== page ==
Return Migration of Iraqis: Two Case Studies.

Wednesday, 18 July 2018: 09:00
Oral Presentation
Irene TUZI, Sapienza University of Rome, Italy, Lebanese American University, Lebanon
Mireille AL-RAHI, Sapienza University of Rome, Italy, Migration Institute of Finland, Finland
Throughout the past three decades, there have been a growing number of Iraqi refugees settling in both Middle Eastern countries and in European Member States due to the 2003-2011 war in Iraq and the on-going Syrian conflict since 2011. Both dreadful events have been a watershed for the Iraqi State and its citizens, leading to a profound process of state-society transformation (Yahya, 2015).

In the past ten years, a substantial number of those displaced Iraqis have returned to their homeland, sometimes with the intention to resettle permanently there, although they have usually defined their return as a visit or a temporary sojourn (Kivisto & La Vecchia-Mikkola, 2013). A major pull factor is the wish to reconnect with left-behind families and friends and with the land of origin. Nevertheless in refugees’ decision to return, push factors, such as the host government policies and civil society attitudes towards them as well as anti-immigration sentiments and integration failure, can play an important role in stimulating the will to go back to the country of origin.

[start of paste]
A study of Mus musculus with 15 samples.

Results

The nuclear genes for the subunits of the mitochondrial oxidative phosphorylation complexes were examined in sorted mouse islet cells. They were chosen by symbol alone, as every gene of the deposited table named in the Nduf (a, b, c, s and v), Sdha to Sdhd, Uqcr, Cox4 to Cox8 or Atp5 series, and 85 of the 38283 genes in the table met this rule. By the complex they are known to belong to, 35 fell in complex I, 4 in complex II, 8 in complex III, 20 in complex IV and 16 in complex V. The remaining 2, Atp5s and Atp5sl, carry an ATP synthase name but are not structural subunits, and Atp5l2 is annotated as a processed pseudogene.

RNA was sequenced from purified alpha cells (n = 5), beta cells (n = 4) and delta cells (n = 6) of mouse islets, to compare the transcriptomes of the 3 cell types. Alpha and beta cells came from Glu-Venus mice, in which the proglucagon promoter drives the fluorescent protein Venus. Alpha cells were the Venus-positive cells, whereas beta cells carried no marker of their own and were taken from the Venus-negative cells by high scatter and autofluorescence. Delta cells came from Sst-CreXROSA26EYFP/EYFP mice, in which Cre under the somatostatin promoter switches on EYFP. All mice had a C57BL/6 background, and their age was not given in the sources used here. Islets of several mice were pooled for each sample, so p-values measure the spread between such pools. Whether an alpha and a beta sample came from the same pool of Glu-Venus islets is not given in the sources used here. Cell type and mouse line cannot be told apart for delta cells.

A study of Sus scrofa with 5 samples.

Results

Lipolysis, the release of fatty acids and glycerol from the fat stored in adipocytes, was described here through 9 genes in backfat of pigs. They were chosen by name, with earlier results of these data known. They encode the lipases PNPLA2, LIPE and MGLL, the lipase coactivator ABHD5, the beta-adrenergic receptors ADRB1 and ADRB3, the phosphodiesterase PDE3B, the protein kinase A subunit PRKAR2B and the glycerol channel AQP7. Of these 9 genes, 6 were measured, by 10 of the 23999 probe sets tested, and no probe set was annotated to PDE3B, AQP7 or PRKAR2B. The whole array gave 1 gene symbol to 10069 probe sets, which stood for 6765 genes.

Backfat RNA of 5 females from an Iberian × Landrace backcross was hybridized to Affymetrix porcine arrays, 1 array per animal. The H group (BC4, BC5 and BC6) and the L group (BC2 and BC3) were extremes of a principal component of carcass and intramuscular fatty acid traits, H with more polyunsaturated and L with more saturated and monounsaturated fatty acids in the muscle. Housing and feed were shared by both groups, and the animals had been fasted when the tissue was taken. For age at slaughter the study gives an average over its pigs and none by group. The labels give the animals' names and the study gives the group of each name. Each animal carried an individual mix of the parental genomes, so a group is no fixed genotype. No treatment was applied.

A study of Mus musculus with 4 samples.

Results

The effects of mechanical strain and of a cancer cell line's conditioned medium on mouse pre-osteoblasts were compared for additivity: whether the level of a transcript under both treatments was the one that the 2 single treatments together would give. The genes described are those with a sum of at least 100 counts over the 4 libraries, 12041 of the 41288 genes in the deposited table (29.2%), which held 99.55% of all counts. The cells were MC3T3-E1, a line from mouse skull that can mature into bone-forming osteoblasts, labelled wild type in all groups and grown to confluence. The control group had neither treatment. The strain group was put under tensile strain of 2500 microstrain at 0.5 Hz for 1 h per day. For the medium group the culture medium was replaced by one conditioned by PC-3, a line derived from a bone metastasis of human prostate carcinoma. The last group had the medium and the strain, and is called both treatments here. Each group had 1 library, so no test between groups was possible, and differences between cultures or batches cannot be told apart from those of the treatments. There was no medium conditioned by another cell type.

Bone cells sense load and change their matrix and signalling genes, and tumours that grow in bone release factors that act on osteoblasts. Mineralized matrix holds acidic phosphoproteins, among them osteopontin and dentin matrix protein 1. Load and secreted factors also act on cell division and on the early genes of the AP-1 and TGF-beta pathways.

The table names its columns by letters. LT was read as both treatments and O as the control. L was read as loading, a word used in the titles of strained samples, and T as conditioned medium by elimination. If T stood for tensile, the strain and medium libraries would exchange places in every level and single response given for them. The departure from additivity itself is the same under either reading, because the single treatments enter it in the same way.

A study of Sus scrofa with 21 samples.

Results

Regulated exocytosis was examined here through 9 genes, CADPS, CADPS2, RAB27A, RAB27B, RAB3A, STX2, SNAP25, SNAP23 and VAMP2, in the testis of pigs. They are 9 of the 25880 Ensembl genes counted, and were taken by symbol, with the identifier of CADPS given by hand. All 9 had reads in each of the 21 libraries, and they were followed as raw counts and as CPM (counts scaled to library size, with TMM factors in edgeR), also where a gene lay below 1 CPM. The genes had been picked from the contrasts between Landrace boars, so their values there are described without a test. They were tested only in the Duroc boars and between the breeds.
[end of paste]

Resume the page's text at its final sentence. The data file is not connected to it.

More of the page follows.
This study is the result of a joint multi-situated research and fieldwork in Lebanon and Finland and it aims at examining push and pulls factors of Iraqi refugees’ decision to return home. It also investigates the ambivalence towards this decision in order to offer an insight into the process of redefining refugees’ relationship with their country of origin – which in their imagination is not a country of violence and suffering anymore, but becomes an idealized, mythic place at odd with reality on the ground (Kivisto & La Vecchia-Mikkola, 2013).